14 November 2019
Usually the premise for a comedy troupe is quaint, maybe a little quizzical. Dead Parents Society answers your first question right away and rejoices in how uncomfortable it makes you. Its members all lost a parent at a young age and combine to give a portrait of grief that’s darkly, uniquely comic and all the more touching because of it.
The increasingly popular questions over how much relevant life experience is needed to inhabit a role are thrown into sharp relief here. It wouldn’t sit right for people with loving and living parents to dance around singing about their funerals but this revue doesn’t lean on the weight of their grief. Some of the best characters are oblivious to the cruelty of grief – King Chiu’s endearing chatterbox whose wittering can’t drown out his date’s internal monologue, or Shohana Sharmin’s brilliantly excruciating HR rep. Anne McMaster’s Grief Fairy revels in that cruelty, inflicting and reminding her unfortunate victims of it at every opportunity and providing welcome continuity between a range of sketches.
People who grieve are just people – their pain may force them to wear it but many spend most of their time trying to interact with the world normally even with a brave face as a mask. All the members are skilled and empathetic performers who would seem just as at home bringing some fantasy to life but their experiences make them convincing in their roles even if you were somehow oblivious to their background – and knowing the context makes it all the more powerful.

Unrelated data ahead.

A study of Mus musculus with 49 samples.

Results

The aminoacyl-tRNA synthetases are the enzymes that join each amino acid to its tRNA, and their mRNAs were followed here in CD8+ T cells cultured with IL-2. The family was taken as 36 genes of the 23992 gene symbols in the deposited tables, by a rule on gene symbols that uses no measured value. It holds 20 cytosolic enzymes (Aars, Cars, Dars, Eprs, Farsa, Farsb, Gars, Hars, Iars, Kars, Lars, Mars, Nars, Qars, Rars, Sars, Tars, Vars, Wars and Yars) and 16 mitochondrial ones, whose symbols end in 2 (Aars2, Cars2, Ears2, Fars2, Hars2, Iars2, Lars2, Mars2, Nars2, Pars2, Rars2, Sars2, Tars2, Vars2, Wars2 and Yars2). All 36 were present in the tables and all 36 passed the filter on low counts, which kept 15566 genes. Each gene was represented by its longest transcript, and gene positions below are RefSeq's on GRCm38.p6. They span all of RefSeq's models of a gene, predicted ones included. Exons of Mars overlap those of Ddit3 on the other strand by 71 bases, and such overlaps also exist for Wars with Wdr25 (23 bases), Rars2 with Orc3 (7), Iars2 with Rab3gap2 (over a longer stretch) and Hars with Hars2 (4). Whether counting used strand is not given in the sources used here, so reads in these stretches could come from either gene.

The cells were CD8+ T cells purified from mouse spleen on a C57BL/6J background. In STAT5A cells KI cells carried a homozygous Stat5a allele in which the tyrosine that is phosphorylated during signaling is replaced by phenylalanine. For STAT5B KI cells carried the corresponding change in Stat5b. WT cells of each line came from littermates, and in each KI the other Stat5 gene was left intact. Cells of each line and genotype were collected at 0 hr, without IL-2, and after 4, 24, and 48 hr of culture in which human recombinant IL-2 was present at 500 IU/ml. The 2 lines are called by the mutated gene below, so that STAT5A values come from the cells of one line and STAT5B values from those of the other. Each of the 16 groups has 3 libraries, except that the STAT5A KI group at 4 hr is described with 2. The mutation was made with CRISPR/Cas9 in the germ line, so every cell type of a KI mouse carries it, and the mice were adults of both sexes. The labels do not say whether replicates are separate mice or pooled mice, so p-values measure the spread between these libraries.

It’s hard to know who this was for – and it would be awfully rude to ask. If you haven’t suffered that loss, the show won’t have the same significance; if you have, it’s tough to recommend something that may be highly talented at reviving that trauma. Though its individual meaning will vary widely, the audience as a whole seemed satisfied – and understood. As for the troupe themselves, while some have had many years to process their loss, this kind of performance is a unique medium for working through the complicated feelings that everyone else assumes a loss is meant to leave. This seemed cathartic for them, too.